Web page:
Last night, I ran some errands. The car heated up normally; the temp. gauge reached nominal; took only about 10 operating minutes for the engine to warm.

After I had ran the errands, the car remained park for about two hours. Normally, the car would be completely cold (especially in the freezing weather recently) but the temp gauge was reading nominal right off the bat.

Strange, I thought. The car heated up normally, cold air was soon replaced by warm and then hot air.

After a short drive home, the car was parked overnight.

This morning, I started the car and the temp gauge was all the way down on the cold side. After just a couple of minutes the gauge read nominal while the air coming out of the heater was still ice cold.

I began my commute to work (about 25 mile drive) and after about a mile of surface-street driving the air coming from the vents began to get warm. Another mile of driving and I get on the freeway.

Once on the freeway, the temp gauge literally buried itself on the hot side. Very, very quickly at that-- the gauge jumped all the way from nominal to hot in about 10 seconds. Throughout this time, the air coming from the vents remained hot but not unusually hot.

I immediately pulled off the freeway, parked and popped the hood. Checked the coolant overflow-- fine. Popped the cap; no boil over. No steam, even. Felt the valve cover-- barely warm to the touch.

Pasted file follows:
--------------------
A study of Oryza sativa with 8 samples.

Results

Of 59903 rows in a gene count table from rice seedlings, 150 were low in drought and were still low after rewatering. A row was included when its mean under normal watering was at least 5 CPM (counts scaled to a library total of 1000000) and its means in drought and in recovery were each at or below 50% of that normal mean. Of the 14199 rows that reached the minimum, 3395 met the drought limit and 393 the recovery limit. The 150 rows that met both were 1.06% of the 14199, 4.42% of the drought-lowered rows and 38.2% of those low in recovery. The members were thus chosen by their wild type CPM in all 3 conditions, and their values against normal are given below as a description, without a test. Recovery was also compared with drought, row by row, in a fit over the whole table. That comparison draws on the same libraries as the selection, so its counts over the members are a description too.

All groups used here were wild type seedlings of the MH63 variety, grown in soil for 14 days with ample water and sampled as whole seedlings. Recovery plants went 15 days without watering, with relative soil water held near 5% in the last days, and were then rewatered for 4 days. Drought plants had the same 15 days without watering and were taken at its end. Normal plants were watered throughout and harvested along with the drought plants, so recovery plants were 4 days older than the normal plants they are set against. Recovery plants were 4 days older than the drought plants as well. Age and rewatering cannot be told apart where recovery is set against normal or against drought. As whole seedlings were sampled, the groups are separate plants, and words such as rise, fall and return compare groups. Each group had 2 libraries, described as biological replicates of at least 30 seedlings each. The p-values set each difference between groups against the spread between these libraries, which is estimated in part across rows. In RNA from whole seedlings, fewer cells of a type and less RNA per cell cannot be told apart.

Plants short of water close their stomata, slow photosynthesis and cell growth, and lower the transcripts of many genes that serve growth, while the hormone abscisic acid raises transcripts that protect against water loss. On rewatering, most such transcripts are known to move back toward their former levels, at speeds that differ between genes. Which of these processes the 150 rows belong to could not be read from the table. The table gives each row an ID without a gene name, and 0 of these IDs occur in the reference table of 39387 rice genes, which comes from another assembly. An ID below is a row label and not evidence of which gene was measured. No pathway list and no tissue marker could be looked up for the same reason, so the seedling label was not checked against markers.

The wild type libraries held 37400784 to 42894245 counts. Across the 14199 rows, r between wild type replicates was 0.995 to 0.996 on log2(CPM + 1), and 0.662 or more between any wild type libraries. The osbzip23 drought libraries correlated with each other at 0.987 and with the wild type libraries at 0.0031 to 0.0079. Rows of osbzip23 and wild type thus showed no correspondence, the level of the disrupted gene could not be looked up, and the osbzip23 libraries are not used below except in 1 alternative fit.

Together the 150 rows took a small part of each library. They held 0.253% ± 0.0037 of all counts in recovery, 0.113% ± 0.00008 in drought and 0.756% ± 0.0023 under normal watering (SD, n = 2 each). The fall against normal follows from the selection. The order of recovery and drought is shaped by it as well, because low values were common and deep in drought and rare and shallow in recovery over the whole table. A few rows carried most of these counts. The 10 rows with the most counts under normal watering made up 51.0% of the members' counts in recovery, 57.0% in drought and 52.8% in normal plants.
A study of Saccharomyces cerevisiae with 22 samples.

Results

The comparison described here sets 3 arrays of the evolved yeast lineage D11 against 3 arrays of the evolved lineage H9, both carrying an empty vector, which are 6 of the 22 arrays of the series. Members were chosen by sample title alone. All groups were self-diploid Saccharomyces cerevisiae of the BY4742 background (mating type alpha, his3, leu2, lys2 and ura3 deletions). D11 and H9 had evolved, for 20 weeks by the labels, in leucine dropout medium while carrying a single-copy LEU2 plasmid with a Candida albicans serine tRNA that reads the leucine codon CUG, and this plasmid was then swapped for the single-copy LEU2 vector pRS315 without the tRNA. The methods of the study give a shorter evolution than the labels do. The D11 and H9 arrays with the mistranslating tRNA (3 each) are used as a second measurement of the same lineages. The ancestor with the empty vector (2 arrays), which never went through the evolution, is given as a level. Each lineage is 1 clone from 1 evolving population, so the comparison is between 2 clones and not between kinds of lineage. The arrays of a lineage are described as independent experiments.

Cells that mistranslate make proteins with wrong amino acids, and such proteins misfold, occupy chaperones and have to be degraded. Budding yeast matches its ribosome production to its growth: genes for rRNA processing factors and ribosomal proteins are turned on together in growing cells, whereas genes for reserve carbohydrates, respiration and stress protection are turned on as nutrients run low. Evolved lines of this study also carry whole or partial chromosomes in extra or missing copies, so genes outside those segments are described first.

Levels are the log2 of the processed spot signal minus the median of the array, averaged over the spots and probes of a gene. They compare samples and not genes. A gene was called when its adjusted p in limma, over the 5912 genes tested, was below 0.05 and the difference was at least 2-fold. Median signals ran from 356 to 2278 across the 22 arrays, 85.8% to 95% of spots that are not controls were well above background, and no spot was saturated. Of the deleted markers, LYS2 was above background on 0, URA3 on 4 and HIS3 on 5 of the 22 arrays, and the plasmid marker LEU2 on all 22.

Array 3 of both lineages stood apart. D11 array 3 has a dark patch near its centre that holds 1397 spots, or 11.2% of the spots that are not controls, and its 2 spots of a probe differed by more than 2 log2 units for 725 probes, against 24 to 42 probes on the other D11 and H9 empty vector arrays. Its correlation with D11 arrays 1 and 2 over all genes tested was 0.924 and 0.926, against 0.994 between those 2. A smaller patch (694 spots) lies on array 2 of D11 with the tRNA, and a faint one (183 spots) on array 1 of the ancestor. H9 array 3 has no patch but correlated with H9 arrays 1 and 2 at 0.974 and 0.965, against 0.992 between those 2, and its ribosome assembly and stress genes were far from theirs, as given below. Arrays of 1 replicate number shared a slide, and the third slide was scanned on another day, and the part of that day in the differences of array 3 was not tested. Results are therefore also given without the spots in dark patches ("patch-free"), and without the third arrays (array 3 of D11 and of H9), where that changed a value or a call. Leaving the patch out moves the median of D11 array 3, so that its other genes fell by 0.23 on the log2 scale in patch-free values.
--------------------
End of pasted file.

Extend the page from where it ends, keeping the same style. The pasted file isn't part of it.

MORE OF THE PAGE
The car was definitely not overheating. After about 2 minutes of idling the car was back at nominal operating temp.

I decided that I would attempt to finish the remaining 20 or so miles to work. I drove the whole way with the gauge buried on the hot side. The air coming from the vents remained hot but not too hot the entire time.

I parked at work and popped the hood. Popped the overflow cap, no boiling. The valve cover was now hot, but not unusually hot. There was also not much excess heat coming from the engine bay. The car definitely was not overheating.

1. Last night, temp gauge stayed nominal after being parked for two hours in subfreezing temperatures.
2. This morning, gauge is cold. Gauge reaches nominal very quickly, air still cold coming from heater.
3. Drive on surface streets for a couple of miles, air from heater is warm, temp gauge still nominal
4. Get on freeway, temp gauge buries to the hot side, pull off and check. Car is not overheating. No boilover, no extreme heat coming from engine bay, heater air not unusually hot.
5. Finish 20 mile commute to work, check car again. No boil over, no extreme heat and the heater is still blowing normally hot air.
6. ...
7. wtf :(

My dad says it is the thermostat. This seems fishy to me though, as the thermostat being bad (therefore staying open) would result in extremely long warm-up times as well as the gauge reading below nominal; not above.

If the thermostat was stuck closed then I would imagine that my motor would have popped somewhere along those 20 miles of commuting, yeah?

So the gauge must be misreading? The first I've seen of this was last night, when we had record-for-the-season low temperatures of around 5F.

Bad temp sensor?

Thanks in advance

2,091 Posts
It sounds like the coolant/antifreeze froze up. Classic signs, engine will warm up, but no warm air and suddenly peg to hot - you froze up.
It could also be a combination of freeze up and bad thermostat.